We were driving a Bugatti Veyron 16.4 across the Florida Panhandle, from Jacksonville to Panama City, only because I couldn’t convince Bugatti to let me be the first to drive its exotic powerhouse — the world’s fastest car at that time — across America. One gleaming example had arrived in time for the Amelia Island Concours D’ Elegance, where the journos massed for their quick test-drives out the front drive of the Ritz Carlton, down a short stretch of the A1A and back to the Ritz.
Not far enough for me. I wanted to take the Veyron in all of its 16-cylinder, 1,001-horsepower and $1.3 million glory on a coast-to-coast extravaganza of a road trip. Once the Bugatti guys stopped hyperventilating, I explained that the coastal adventure would be contained wholly within the state of Florida, from the Atlantic coast to the Gulf of Mexico. My secret destination, however, was to be Vernon, Fla., home of the great Errol Morris’ classic documentary about a town in the Panhandle with the highest per capita population of citizens who’d blown off or whacked off a limb for insurance money. (Google “Nub City.”)
The Swiss head of Bugatti PR thought it hilarious. He showed up in a van with a couple of German mechanics to follow us, and a failed French Formula 1 driver to serve as my chaperone. I came with a photographer from Germany and one of the most infamous of bad-boy auto magazine tech editors, the irrepressible Don Sherman.
Sherman had his own reason for going, and it had nothing to do with a Veyron to Vernon. Once we gave up looking for nubbies, he ordered me to veer south to the handgrip of the panhandle, known as the Redneck Riviera.
The Don was aiming to secretly execute the Veyron’s first launch-control blastoff in captivity. I had only a rudimentary idea of what he was talking about, but it sounded like it was going to be exciting. Especially when he Donsplained that I should, under no circumstances, let the PR honcho know. Driving with Sherman frequently involved me fervently praying to my God to let me live this one time. Again.
Conditions were not good on Highway 30A, a narrow, mangrove-lined two-lane just out of Port St. Joe. It was still treacherously damp from a morning rain. The Sherminator, totally unfazed, lined up the Veyron straight down the middle of the unmarked tarmac, braked to the floor with his left shoe and held it tight while he mashed the accelerator with his right foot and held them both down. What?!?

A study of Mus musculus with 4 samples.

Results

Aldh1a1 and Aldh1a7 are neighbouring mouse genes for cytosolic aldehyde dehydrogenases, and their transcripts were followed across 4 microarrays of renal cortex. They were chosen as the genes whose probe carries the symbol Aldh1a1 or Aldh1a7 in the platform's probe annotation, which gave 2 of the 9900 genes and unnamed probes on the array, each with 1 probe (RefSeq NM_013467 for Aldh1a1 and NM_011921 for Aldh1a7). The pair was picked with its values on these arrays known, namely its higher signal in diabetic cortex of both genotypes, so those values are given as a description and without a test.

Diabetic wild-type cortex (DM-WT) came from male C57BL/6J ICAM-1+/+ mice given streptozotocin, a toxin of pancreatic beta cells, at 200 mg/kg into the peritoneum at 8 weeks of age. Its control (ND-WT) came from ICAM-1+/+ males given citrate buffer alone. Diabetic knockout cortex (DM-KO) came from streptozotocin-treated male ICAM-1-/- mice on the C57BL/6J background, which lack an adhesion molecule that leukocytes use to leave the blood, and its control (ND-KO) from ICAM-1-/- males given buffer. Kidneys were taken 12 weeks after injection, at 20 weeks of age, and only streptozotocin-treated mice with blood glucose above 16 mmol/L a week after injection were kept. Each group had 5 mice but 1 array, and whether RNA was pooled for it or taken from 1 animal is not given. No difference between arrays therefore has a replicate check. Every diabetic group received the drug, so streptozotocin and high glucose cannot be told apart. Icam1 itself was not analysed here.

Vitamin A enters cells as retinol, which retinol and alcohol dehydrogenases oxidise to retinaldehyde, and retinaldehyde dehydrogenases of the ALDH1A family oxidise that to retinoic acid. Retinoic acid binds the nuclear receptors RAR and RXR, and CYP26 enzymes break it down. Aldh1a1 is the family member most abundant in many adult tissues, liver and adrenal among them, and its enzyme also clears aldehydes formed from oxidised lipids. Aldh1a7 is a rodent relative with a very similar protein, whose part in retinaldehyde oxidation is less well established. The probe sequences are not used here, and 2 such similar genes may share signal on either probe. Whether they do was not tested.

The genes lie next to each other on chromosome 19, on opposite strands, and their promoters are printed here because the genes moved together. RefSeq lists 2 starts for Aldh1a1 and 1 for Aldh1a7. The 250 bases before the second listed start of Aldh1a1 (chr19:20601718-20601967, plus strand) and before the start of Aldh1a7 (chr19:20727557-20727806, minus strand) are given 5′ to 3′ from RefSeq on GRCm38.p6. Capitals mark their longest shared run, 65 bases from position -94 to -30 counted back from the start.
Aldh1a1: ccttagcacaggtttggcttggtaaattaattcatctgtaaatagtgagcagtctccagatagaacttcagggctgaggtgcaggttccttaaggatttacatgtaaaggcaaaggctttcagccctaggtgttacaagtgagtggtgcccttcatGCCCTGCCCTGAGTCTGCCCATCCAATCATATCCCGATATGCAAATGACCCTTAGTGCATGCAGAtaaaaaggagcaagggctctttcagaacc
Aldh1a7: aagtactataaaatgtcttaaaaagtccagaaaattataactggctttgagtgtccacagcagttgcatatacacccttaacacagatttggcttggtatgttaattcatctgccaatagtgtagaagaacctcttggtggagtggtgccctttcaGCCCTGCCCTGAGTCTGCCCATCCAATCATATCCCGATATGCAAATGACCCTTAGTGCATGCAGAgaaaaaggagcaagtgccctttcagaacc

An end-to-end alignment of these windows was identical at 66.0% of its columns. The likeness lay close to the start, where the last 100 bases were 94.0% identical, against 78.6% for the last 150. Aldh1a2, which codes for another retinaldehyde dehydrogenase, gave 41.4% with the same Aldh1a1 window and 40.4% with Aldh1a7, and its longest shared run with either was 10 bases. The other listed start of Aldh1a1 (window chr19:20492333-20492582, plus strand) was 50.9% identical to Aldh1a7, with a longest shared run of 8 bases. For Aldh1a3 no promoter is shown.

“No, Don! No, Don!” I shouted, to no avail as he came suddenly off the binders. The mighty 1,001-hp, 64-valve, quad-turbo Veyron squirted out a little two-step before it aborted as the wheels lost grip. Nothing. Of course, Sherman tried it a whole ‘nother bunch of times before he threw in the towel.
That was my first launch-control moment.
The last (but surely not final) launch exercise also involved two people in the car, only I was driving this time and it wasn’t a car. It was Jeep’s “Sorry. Not Sorry” version of an SUV — the 2018 Grand Cherokee Trackhawk, the most powerful SUV ever. The specs are now legendary: 6.2-liter supercharged Hellcat V8: 707 hp, 645 lb-ft of torque, 3.5 seconds from 0 to 60 mph and 180 mph top speed. And it weighs 5,350 pounds.
I want it. You want it. The people who don’t want it, don’t matter.
My driving partner/coach for the track event was a retired NASCAR driver of some renown, so I won’t say who it was. Time at the private road course that Jeep rented for the day began with hot laps, blistering hot laps. Fun, but I was in it for The Launch. My buddy was all for it.
We wait till everyone goes to lunch, then pull up at the start of a straightaway smooth as a baby’s ass. We run through the drill. There is nothing simpler: Drive mode in Track. Engage Launch button on center console. Left foot, brake to the floor and hold. Right foot, accelerator to the floor and hold. Ignore the ferocious bucking and snarling under the hood as the supercharger winds up to max boost.
For one heartbeat I smile at The Pro. We are both happy. And then I jerk my left knee in the air and we are in Jeep Heavy Rocket mode, only the dummies in the cockpit are screaming all the way down the long straight like girls.
Neither of us is laughing. The scream from the right seat turns into one long shout from my instructor: “Brakebrakebrakebrakebrake!!!”
In fact, I had already scrubbed off speed (of course, the brakes are from Brembo) and was bending right neatly through the cones at the end of the straight. I looked at him. He was panting a little. “Dude!” he said. “My heart was coming out of my ass!” We both started laughing.
And we did it a whole ‘nother bunch of times.